Alessandro Catennaci is a man who inspires awe. As he stands at the helm of a Scandinavian hospitality empire that he’s spent over 30 years tweaking into perfection, he remains irreverent: “I sometimes ask myself, ‘Am I really good at anything, or was it just luck?’” Despite top-tier hotels, world-class restaurants and nightspots in his home city of Stockholm, one hotel in Copenhagen, and more in the making, Catenacci exhibits an ease that makes his success look as if luck were indeed a factor. Actually, his success is the result of a long-term vision, hard work, and great business sense.
If you have 200 hotels, you can’t look at all the details. So it’s something to consider when moving forward: How many hotels can you have, yet still keep the personality of the brand? All the details are important. In sports, it’s the same. If you watch ski competitions, the difference between the guy who wins and number 10 is maybe two-tenths of a second, which is four meters. But this decides if you’re number 1 or 10.
It is not a matter of a number, it’s about always wanting to be better and having that energy every day. I sat for 40 hours just to check the playlist of the restaurant we refurbished in the Nobis Hotel Stockholm. Maybe this isn’t my job, but I want to have it my way and I listened to every song—not just for 10 seconds but 30-40 seconds until I knew whether it’s good or not. I listened to 1,600 tracks. You could buy an ambient playlist but not all of them are good. You can’t standardize feeling.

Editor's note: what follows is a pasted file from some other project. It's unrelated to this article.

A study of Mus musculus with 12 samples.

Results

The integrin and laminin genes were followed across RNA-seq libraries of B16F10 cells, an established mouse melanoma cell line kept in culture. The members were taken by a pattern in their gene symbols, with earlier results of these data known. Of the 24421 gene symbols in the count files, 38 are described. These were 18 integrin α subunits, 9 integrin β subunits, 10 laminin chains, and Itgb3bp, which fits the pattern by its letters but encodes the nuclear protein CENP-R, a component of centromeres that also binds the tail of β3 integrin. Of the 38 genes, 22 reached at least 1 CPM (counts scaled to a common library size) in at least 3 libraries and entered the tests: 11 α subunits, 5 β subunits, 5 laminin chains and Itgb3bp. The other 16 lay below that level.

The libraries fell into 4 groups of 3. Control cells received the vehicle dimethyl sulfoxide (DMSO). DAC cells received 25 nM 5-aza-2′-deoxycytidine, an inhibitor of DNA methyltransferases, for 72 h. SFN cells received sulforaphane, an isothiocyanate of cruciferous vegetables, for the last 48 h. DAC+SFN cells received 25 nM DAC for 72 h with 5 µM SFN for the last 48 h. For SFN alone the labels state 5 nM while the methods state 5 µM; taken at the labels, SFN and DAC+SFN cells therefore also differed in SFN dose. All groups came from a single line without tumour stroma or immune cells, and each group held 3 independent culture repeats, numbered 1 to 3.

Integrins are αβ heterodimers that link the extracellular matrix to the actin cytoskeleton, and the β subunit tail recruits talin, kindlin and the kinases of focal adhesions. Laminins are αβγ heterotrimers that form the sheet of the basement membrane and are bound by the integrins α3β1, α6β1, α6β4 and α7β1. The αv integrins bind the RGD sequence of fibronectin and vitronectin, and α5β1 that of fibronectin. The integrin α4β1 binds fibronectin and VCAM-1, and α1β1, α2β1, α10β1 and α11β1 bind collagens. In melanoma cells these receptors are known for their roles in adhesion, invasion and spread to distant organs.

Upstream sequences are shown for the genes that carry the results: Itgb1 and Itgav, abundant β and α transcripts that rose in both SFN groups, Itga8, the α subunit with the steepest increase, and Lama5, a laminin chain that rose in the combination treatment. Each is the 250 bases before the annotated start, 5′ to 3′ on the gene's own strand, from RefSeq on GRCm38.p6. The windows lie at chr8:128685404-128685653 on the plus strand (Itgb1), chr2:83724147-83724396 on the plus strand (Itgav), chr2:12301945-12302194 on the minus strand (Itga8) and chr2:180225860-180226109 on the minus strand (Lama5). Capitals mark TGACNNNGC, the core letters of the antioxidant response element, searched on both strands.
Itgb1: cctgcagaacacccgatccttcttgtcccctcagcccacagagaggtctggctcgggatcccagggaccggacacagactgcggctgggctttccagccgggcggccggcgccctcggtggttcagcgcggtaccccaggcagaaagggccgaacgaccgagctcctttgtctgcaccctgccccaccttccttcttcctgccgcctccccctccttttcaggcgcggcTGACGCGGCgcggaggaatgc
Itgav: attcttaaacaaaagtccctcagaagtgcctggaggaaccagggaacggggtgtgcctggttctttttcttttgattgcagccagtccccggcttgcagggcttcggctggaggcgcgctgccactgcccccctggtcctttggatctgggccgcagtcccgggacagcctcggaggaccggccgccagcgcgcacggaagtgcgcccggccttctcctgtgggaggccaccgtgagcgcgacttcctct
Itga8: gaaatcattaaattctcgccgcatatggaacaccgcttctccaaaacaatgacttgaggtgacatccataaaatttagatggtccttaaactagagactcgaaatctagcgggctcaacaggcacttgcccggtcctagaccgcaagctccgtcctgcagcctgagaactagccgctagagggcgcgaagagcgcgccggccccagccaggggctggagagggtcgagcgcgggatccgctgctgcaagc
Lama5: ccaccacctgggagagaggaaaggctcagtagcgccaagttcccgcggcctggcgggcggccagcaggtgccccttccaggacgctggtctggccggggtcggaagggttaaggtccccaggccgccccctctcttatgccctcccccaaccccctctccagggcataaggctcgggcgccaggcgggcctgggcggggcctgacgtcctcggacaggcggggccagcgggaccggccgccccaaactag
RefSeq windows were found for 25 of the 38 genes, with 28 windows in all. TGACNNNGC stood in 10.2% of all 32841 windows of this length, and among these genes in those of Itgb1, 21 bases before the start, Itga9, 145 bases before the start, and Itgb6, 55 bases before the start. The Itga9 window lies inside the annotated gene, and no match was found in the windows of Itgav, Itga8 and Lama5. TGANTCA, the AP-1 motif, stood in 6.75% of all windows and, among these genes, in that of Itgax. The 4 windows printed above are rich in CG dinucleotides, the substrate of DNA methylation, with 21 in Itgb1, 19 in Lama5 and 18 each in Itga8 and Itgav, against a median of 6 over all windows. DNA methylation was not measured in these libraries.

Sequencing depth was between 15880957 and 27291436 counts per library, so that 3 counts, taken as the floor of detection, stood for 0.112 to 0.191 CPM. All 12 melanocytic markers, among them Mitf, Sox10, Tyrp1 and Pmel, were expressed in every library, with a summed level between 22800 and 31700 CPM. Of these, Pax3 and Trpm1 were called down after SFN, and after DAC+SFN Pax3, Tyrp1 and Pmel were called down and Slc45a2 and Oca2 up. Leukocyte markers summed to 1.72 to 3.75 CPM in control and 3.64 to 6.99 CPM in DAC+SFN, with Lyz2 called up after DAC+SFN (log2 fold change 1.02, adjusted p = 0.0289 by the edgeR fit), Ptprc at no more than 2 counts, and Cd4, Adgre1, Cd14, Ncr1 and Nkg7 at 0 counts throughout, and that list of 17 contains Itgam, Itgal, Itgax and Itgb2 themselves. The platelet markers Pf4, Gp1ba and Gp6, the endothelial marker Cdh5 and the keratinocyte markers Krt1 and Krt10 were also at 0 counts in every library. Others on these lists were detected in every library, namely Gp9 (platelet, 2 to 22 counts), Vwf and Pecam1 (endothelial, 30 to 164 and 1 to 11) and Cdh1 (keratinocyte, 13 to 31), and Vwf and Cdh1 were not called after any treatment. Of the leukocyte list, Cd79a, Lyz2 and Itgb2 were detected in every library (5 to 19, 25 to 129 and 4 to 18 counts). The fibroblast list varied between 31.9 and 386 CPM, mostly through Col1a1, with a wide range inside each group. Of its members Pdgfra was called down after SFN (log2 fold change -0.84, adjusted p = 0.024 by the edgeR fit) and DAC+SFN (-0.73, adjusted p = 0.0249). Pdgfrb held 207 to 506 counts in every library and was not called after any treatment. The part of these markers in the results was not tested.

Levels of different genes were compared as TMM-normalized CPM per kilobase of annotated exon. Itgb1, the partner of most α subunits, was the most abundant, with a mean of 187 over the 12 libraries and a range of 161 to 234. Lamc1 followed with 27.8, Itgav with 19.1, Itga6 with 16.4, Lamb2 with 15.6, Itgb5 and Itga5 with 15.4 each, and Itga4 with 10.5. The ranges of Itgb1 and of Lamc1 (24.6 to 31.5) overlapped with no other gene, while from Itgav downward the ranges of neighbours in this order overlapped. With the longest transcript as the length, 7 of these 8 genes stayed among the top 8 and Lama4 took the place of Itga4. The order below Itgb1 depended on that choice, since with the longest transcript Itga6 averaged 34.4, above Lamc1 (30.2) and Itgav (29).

I have those every day. In one way it’s a weakness. I think I’ve been lucky in my life. I have short moments when I’m sitting in the lounge of Nobis Hotel (Stockholm), which is very beautiful, or at the bar in Copenhagen and think, wow I made this. But then 10 or 20 seconds after that I go back to normal. I can never stop and just feel good about what I’ve done. I always want to make it better. I see 10 things that are not working instead of the 20 that are. I even notice when a painting is not straight.
I see all the small things. In my wardrobe, I only have tailormade clothes and shoes. And it goes even further: I have the white shirts, then the light blue, and then the bright shirts, and if you put the blue shirts in between the white ones, it makes me feel bad. Another thing that is important to me is that if I build a wall, for example, I have to make it good from the beginning. If the groundwork isn’t good, then I will always think I have to take down this wall and remake it. It’s the same with my clothing. I always have to start with nice socks. I could never put on socks with a small hole or something because then no matter how nice my clothes are, I will always feel bad about the hole. You have to feel good the whole way. It’s the same in my hotels.